Saturday, August 27, 2005

Reason No. 292 Why 'Citizen Kane' is King
Mrs. Kane's introduction to the "Singer"

In between Kane's grandiose storytelling, RKO Radio-quality humor and groundbreaking visuals is a scene depicting a genuine emotional rollercoaster courtesy of Boss Gettys' Darwinian politics and Kane's only weakness: his greed.

As Kane leaves the opera house following his near-victory speech in front of a two story poster of himself he sees Emily putting Junior in a car. As he approaches, he waves goodbye to his son and looks into his wife's eyes, and realizes that his lifelong political dream was about to come crashing down.

Orson Welles' artistic genius is on display for these brief moments, when his characters say little, but their faces speak paragraphs. We see in Emily a woman who has been playing the role of Kane's wife for years but is ready for it to end at the house of Susan Alexander. Kane's morose expression gives us a glimpse of a man who perhaps minutes before experienced the greatest euphoria of his life, only to see his own deeds bring him down. Out of pride, he goes with Emily to Susan's house, but he knows that he has lost.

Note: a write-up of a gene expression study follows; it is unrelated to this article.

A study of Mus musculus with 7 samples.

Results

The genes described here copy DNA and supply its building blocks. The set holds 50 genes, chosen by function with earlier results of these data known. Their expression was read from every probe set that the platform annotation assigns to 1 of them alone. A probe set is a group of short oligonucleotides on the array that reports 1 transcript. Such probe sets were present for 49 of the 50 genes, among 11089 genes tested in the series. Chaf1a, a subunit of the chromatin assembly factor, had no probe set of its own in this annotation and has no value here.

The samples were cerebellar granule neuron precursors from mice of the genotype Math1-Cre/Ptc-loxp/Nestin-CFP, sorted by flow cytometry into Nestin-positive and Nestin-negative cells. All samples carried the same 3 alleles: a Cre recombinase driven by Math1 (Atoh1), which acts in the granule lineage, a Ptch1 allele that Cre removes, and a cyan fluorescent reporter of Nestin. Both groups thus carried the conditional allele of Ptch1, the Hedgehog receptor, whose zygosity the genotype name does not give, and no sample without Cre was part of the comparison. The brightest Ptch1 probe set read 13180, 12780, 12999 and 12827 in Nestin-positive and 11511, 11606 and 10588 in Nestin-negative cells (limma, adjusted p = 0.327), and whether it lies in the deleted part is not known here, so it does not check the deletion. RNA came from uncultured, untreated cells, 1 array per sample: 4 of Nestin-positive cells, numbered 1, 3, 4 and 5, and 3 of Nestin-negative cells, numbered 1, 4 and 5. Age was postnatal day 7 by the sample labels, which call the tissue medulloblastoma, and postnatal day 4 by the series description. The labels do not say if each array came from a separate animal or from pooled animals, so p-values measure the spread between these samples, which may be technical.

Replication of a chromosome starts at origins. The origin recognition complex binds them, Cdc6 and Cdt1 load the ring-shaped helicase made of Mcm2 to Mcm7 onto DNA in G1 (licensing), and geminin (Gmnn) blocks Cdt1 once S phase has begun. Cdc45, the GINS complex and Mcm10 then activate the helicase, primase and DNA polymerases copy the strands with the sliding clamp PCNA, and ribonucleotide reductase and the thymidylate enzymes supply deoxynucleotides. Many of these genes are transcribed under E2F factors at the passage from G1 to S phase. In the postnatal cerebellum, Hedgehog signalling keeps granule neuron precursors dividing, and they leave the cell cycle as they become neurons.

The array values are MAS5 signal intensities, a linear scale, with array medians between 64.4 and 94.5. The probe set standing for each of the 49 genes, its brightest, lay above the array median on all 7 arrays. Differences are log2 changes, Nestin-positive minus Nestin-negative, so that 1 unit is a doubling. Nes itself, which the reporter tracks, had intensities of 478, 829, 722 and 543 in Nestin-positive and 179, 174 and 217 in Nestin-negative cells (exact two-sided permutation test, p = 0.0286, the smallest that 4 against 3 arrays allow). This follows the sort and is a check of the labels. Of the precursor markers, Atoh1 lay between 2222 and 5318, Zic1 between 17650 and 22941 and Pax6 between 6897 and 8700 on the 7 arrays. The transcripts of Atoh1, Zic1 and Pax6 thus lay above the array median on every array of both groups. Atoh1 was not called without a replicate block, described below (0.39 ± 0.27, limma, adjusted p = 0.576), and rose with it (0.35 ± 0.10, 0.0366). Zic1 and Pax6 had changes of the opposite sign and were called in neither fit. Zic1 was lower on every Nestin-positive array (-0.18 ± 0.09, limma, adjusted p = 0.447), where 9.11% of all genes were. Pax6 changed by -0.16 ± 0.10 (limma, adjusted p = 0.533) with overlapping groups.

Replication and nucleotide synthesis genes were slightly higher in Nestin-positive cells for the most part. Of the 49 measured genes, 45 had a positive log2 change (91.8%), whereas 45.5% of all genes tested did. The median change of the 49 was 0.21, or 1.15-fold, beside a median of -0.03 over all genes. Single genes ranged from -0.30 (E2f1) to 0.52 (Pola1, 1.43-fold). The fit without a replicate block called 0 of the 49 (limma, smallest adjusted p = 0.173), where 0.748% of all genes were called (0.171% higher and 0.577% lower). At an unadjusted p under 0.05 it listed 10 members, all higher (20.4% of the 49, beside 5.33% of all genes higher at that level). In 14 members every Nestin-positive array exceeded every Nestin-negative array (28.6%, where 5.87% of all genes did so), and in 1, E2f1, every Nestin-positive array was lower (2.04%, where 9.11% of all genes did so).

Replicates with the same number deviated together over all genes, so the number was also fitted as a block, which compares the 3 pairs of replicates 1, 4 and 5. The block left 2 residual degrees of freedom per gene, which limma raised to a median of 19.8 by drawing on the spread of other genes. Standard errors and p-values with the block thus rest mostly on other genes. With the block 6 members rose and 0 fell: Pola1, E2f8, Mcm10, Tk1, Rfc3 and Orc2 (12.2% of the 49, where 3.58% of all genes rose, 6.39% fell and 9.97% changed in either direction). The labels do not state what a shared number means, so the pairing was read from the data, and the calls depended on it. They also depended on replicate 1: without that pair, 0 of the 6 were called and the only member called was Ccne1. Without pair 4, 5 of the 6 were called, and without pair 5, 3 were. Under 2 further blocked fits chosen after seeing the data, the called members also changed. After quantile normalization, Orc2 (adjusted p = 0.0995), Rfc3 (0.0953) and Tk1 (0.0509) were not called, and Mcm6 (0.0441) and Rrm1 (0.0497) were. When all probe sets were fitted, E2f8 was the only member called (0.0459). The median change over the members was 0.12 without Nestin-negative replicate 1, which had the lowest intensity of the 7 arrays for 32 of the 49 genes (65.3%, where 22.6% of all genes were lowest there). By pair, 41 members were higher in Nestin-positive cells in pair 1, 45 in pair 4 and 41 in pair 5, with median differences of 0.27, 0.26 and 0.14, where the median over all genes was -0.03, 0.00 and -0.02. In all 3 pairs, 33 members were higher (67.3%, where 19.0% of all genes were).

At Susan's house, as Kane's mistress is exposed to Emily with vicious honesty, the show is nearly stolen by Gettys, who displays the utmost confidence in the cold-hearted political tactic being used against his opponent Kane, who made him out to be the city's greatest criminal during the campaign.

As the scene comes to a close and Kane refuses to budge on his campaign, yelling to Gettys that he will send him to Sing Sing, Welles makes an interesting directorial decision. It's no accident the attention Welles' lens pays to Gettys and Emily at the finale of the scene. Gettys politely offers Emily a ride home, showing no ill-will of the act of his own that just ruined Kane's marriage and election.

I believe Welles uses this brief dialogue to show that acts like Gettys are commonplace in politics and are to be expected, especially from a veteran like Gettys. Unlike Kane, Gettys shows no emotion during the scene, because to him a tactic such as exposing his opponent as an adulterer is just another day at the office.